Maggie Sawkins, who leads local poetry and creative group Tongues & Grooves has unleashed a local #writingchallenge and they kindly let us publish the responses. This week’s challenge is to write a Cinquain, a syllabic form invented by American poet, Adelaide Crapsey (1878-1914).
- Five lines
- It does not rhyme but is based on a set of syllables per line, as follows:
- two in the first line; four in the second; six in the third; eight in the fourth, and two in the fifth
- (2, 4, 6, 8, 2)
- The poem builds as each line becomes longer until the last line which, being suddenly short, allows particular emphasis to fall on the words and meaning of the ending.
The moon shines on the fox
As it wanders the empty streets
Out of the muted dawn
Into the field of wet grasses
Which slowly comes
Into view, sees us two
I know so much but cannot tell
we’re living through.
Routine is made anew.
Himself indoors chafing, missing
Loo roll for sale!
Forty-five pence a sheet.
Do not let yourself get caught short —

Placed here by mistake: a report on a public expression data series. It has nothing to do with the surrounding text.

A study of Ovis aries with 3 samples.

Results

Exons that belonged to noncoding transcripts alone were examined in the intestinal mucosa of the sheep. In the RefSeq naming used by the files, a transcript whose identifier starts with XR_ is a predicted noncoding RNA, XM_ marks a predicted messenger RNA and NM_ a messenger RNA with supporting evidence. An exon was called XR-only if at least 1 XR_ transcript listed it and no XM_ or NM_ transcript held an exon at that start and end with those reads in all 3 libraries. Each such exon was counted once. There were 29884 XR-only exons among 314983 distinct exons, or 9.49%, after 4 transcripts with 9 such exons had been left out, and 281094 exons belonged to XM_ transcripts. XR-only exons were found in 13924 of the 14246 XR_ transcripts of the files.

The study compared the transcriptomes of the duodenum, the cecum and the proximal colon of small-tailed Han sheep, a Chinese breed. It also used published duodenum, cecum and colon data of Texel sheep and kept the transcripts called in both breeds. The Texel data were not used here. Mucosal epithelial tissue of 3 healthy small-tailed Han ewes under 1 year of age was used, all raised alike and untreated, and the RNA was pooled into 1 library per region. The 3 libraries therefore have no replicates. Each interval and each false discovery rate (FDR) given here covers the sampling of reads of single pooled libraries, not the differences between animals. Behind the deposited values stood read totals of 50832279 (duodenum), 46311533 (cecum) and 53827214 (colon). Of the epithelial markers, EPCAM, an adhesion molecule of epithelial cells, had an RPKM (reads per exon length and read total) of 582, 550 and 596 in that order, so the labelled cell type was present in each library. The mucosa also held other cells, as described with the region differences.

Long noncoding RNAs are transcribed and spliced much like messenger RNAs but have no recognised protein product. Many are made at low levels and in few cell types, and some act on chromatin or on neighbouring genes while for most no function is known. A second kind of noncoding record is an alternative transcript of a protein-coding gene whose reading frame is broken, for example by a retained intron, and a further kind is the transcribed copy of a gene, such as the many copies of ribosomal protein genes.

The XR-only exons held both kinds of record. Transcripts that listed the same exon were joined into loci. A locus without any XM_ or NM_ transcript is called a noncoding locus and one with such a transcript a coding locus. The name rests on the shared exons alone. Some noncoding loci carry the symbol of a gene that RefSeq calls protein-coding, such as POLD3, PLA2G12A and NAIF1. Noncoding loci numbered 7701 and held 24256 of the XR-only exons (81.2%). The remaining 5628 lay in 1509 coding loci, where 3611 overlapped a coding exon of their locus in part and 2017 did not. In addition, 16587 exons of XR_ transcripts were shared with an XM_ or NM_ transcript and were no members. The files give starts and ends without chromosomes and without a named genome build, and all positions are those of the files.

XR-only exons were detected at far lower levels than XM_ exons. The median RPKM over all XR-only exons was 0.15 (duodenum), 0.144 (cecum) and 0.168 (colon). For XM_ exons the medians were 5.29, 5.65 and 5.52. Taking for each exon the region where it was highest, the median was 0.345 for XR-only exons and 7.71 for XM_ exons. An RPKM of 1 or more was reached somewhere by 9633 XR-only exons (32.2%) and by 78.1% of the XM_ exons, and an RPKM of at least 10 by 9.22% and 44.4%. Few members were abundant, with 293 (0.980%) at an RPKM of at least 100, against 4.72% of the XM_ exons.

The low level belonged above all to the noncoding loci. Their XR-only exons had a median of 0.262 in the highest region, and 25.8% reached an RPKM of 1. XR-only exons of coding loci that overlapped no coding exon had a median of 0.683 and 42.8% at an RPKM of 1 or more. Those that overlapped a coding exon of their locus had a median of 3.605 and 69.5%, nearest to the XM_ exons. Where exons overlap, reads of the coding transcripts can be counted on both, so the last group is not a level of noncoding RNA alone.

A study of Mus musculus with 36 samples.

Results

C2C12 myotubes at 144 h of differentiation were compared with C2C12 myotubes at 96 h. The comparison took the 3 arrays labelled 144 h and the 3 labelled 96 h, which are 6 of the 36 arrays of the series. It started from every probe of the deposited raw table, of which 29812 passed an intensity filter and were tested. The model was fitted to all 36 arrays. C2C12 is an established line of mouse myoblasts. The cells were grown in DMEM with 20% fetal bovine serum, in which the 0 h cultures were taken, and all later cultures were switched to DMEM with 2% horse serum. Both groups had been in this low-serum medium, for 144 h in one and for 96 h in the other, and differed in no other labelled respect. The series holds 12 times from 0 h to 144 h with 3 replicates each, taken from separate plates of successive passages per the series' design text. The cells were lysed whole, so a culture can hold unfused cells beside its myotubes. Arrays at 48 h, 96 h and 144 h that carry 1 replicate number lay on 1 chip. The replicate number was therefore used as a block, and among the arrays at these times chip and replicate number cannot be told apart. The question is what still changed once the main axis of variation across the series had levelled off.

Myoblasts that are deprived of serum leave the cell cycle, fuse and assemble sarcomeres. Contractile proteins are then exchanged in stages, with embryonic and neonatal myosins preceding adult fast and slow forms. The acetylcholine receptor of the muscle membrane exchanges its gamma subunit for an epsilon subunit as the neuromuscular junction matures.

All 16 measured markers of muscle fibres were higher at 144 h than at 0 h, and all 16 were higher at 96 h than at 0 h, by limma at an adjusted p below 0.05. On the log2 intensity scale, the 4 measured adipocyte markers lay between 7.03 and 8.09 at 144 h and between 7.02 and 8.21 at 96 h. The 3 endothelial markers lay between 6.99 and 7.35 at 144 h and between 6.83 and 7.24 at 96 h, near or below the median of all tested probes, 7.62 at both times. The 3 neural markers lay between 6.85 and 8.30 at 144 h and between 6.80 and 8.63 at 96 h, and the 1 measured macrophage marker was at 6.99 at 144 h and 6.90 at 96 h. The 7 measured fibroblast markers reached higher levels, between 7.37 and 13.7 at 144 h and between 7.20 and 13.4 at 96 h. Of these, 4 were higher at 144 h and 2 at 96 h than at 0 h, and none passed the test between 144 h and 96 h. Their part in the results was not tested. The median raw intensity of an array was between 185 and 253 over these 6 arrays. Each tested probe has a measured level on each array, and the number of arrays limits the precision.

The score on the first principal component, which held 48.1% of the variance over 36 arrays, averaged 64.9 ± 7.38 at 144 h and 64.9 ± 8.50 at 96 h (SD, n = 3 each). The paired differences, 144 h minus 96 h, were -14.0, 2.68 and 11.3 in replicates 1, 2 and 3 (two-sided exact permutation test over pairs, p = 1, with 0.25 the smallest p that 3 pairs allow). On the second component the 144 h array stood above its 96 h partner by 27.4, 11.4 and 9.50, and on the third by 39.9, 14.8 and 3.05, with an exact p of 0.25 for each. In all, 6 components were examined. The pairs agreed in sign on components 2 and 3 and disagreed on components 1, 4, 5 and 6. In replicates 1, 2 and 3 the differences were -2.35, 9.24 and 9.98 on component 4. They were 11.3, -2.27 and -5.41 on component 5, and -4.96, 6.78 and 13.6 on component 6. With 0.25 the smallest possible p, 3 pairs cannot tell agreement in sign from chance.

The grassy path winds through
The long grown dewy lawn, it’s dawn
In the white noise
Under the floorboards still
Forty years of expectation
The window wide
The deadly virus floats
Inside. Slowly she takes a breath
Not the one who
Stained the grass green, or who
Pricked the slate black sky nightly so
Another day at least
No pasta. Rice for dinner then
68 What do
We appreciate today?
The crowd that once bustled about
Egrets seeking molluscs
On glistening mudflats’ shining
on the grey-lichened back
of a forgotten chair, trills its
You can take part in the regular Tongues & Grooves #WritingChallenge over on their Facebook page and check out their website and Twitter, too.